May 2, 2016 weblog
Google patent filing proposes device in eye to address poor vision
(Tech Xplore)—What are Google's visionaries up to these days? You may be sorry you asked. Discovery reported that an electronic device injected into an eyeball is the focus of a patent filed by Google. The application titled "Intra-ocular device" was dated April 28.
The Google patent application was reported in Forbes. Aaron Tilley said "the device is injected in fluid that then solidifies to couple the device with the eye's lens capsule, the transparent membrane surrounding the lens."
The device is injected into the eye and it has tiny components, said Lilley: storage, sensors, radio, battery and an electronic lens. The device gets power wirelessly from an "energy harvesting antenna."
"The whole endeavor appears to be a way of correcting poor vision," said Discovery. Tilley at Forbes said, "According to the patent, the electronic lens would assist in the process of focusing light onto the eye's retina." The inventor in the application is listed as Andrew Jason Conrad.
The patent application said, "Elements of the human eye (e.g., the cornea, lens, aqueous and vitreous humor) operate to image the environment of the eye by focusing light from the environment onto the retina of the eye, such that images of elements of the environment are presented in-focus on the retina. The optical power of the natural lens of the eye can be controlled (e.g., by ciliary muscles of the eye) to allow objects at different distances to be in focus at different points in time (a process known as accommodation)."
A variety of reasons, however, are behind decreased focus and degradation of images presented to the retina. "Issues with poor focus can be rectified by the use of eyeglasses and/or contact lenses or by the remodeling of the cornea. Further, artificial lenses can be implanted into the eye (e.g., into the space in front of the iris, into the lens capsule following partial or full removal of the natural lens, e.g., due to the development of cataracts) to improve vision."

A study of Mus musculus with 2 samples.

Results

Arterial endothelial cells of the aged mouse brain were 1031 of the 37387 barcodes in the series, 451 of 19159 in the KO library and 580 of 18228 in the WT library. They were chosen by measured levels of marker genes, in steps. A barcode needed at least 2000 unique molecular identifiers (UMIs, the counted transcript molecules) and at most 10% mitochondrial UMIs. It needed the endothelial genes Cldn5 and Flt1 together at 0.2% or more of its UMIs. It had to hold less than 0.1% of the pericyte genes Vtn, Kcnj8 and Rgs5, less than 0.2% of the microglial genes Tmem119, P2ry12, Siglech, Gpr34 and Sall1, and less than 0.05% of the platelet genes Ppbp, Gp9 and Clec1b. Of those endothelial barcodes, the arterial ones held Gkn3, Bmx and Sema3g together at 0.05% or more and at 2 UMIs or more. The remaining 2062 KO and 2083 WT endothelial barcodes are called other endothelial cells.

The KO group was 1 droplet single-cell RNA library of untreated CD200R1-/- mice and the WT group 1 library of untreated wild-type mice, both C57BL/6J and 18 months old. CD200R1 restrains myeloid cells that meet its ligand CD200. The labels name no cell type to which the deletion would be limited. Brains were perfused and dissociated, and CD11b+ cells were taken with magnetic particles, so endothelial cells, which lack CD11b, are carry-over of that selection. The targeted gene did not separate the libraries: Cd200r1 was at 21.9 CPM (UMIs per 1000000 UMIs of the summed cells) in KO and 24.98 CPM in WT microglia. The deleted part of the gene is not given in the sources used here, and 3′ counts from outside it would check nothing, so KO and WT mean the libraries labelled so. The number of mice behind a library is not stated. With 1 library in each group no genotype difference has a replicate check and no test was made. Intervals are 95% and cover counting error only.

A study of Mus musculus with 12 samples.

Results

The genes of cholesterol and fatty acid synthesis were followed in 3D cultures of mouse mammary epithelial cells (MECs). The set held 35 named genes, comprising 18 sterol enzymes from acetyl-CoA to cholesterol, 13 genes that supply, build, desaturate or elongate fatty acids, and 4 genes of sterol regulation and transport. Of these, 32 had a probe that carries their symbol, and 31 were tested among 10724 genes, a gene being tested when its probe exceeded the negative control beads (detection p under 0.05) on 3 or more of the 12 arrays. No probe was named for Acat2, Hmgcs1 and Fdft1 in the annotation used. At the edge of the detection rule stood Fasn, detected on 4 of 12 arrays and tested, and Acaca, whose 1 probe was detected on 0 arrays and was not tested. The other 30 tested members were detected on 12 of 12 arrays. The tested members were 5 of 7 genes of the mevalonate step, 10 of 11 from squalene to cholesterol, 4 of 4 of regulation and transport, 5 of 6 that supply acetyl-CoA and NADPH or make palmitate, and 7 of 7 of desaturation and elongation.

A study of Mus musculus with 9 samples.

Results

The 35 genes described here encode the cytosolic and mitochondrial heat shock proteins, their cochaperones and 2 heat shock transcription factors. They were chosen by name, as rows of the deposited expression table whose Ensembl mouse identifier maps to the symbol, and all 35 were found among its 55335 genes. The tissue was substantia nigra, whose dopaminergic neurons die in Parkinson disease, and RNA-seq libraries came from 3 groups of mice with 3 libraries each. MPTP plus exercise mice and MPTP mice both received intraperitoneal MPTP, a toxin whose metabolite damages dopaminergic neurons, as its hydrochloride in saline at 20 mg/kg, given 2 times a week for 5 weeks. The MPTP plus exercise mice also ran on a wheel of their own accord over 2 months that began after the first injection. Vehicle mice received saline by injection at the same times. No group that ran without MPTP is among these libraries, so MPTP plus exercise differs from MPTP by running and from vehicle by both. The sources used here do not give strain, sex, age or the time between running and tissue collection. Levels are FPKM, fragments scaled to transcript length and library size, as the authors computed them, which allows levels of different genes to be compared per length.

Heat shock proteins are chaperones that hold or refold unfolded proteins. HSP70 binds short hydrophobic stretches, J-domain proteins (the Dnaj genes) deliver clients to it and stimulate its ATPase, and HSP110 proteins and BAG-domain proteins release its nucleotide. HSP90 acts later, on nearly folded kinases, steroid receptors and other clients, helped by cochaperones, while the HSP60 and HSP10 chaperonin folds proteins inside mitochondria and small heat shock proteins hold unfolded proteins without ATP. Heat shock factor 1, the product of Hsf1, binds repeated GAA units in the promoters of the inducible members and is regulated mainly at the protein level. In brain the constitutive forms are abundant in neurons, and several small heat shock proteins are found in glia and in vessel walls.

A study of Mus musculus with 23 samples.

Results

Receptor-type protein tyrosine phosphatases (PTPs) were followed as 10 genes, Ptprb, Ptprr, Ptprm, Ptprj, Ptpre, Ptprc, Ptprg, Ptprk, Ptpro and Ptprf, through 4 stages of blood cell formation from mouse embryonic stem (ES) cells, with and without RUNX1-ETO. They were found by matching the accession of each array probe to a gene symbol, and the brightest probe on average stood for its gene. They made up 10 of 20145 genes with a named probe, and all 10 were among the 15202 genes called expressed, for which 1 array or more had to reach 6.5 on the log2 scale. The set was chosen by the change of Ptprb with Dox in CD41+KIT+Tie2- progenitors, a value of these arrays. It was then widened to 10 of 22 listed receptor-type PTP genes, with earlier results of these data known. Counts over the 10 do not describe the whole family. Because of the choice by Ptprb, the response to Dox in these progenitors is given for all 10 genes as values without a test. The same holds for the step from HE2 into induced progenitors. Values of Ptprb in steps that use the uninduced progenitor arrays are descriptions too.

The patent application discusses how the intra-ocular device that they are talking about would help:
"An intra-ocular device could be positioned within a lens capsule of an eye (following the removal of the natural lens from the lens capsule) to provide a means for focusing light from outside the eye onto the retina of the eye. Such an intra-ocular device could include an electronic lens that can be controlled to provide an optical power (e.g., a degree of focusing of light, such as may be measured in diopters) within a range of optical powers. The optical power of the electronic lens could be controlled to focus images of near and far objects alternatively over time. That is, the electronic lens could be controlled to have a first optical power during a first period of time to provide images of far objects (e.g., objects more than approximately 20 centimeters away from the eye) in focus on the retina of the eye, and the electronic lens could be controlled to have a second optical power greater than the first optical power during a second period of time to provide images of near objects (e.g., objects approximately 9 centimeters away from the eye) in focus on the retina of the eye."